By Dian Vujovich

Yesterday, when I got an email advertising a 6 percent yield on a bank checking account, my first thought was, “Yah, right.” Ever since Bernie Madoff allegedly “made off” with billions, who isn’t ultra-skeptical when higher-than-the-norm returns are offered on your money these days. Particularly when 1-year CDs are yielding around 2.5 percent.

But after doing some research, I found out that the 6 percent return was real provided, and this is where “read carefully” comes in — you understand Reward Checking, are into electronic banking at a community bank and/or are a member of a credit union.

Reward Checking accounts pay considerably higher rates to their banking customers because they are cheaper to operate for customers willing to agree to certain terms. Such as: make monthly direct deposits into their accounts, pay their bills online, agree to accept electronic statements instead of paper ones, maintain a specified balance, and use their bank credit or debt cards a number of times during each month. The amount of card activity and bank account balances vary by the community bank or credit union offering them.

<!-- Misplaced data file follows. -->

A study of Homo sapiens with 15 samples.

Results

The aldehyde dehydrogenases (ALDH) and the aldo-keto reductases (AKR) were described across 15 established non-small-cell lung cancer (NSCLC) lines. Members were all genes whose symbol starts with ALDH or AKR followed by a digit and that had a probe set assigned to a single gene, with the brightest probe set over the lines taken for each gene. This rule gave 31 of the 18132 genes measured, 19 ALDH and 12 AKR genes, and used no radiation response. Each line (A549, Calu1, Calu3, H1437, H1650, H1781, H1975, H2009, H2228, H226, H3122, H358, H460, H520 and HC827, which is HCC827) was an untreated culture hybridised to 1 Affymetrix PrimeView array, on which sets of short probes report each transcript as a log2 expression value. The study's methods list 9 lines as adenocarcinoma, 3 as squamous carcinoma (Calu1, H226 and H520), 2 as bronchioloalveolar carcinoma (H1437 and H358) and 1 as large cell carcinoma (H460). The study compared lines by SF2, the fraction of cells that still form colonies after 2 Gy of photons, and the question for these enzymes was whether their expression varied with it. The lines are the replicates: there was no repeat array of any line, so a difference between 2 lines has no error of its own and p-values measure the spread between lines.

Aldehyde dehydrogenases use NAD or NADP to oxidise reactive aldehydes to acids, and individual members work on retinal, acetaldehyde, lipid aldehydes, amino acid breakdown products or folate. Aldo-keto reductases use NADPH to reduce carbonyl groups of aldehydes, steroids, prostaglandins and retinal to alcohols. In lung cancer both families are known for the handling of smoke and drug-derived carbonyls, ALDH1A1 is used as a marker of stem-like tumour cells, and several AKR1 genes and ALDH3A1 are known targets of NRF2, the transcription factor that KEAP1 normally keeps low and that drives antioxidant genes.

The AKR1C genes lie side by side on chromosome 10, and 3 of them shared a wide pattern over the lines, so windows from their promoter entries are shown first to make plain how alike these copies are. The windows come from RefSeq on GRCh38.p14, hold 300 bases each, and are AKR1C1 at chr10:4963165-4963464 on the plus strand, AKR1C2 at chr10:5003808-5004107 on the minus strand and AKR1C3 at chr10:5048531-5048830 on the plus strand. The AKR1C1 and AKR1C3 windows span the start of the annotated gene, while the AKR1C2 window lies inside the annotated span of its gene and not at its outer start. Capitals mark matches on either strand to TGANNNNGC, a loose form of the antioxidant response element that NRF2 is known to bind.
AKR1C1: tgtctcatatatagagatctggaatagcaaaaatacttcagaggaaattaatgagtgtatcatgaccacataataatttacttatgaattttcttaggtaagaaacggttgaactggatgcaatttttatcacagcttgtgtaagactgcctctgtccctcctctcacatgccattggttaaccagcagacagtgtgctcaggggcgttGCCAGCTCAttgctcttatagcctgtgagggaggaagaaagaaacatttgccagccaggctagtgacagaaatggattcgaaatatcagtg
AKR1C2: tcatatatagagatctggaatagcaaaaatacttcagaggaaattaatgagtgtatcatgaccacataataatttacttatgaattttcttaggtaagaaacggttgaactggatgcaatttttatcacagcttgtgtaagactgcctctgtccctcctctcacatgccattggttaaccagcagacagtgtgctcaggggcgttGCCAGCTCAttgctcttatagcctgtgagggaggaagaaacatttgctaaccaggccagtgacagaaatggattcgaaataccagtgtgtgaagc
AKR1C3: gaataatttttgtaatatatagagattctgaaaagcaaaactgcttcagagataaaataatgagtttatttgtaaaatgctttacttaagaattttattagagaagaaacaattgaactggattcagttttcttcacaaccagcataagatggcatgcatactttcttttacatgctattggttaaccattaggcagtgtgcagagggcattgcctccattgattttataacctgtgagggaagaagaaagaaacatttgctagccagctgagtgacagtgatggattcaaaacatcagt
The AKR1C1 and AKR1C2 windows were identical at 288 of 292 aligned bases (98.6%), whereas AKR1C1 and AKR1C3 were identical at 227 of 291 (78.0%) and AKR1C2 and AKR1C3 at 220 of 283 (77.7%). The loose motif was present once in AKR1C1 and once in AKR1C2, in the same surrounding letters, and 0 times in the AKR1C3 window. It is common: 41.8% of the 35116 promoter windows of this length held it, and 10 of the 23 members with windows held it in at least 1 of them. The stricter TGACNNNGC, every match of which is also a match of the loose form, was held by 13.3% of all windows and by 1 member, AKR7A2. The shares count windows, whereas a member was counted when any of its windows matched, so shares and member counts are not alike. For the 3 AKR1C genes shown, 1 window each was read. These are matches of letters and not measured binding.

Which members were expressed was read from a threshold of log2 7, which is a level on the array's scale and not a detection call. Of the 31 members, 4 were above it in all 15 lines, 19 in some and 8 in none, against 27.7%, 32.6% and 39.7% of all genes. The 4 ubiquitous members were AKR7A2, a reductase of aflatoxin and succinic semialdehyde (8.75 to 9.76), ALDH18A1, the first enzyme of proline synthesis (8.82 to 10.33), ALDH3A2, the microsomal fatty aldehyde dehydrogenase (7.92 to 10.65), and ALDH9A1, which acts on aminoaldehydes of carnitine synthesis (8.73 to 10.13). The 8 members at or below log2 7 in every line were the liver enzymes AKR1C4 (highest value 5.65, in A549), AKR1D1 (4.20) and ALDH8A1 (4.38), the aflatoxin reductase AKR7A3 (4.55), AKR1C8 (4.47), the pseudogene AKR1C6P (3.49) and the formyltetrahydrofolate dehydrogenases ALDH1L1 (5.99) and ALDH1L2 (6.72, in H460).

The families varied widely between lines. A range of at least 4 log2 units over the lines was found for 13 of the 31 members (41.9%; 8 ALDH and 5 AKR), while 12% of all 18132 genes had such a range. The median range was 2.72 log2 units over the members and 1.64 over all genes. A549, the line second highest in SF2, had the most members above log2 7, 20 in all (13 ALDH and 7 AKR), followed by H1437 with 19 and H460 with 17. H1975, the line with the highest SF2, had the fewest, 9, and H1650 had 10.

Like credit unions, community banks aren’t located on every corner — you’ve got to seek them out. But, they have long been a great spot to do business, are regulated and insure monies in your accounts. For a good piece about credit unions, check out Bankrate.com story “Deposit Insurance Increases at Credit Unions.”

Back to that email. It came from a p.r. company representing Banc Vue, a Texas bank that makes Reward Checking programs available to financial institutions like community banks and credit unions. As of January 12, 2009, a few of the firms offering a 6.01 percent yield included Florida Central Credit Union (FL), First Robinson Bank (IL) and Union State Bank/Bank of Atchison (KS).

Some offering a 5.01 percent return were available at United Heritage Credit Union (TX), Legence Bank (IL) and at Community Bank of Raymore (MO).

As always, we’ve all got to do our homework before handing our hard-earned cash over to any institution. And realize that while the yields may be tempting a community bank or credit union might not be a fit for any or all of our financial needs. But they sure could be worth investigating.

Two online sources for yield information, in addition to that found at Bankrate.com mentioned earlier, are Money-rates.com and Checkingfinder.com.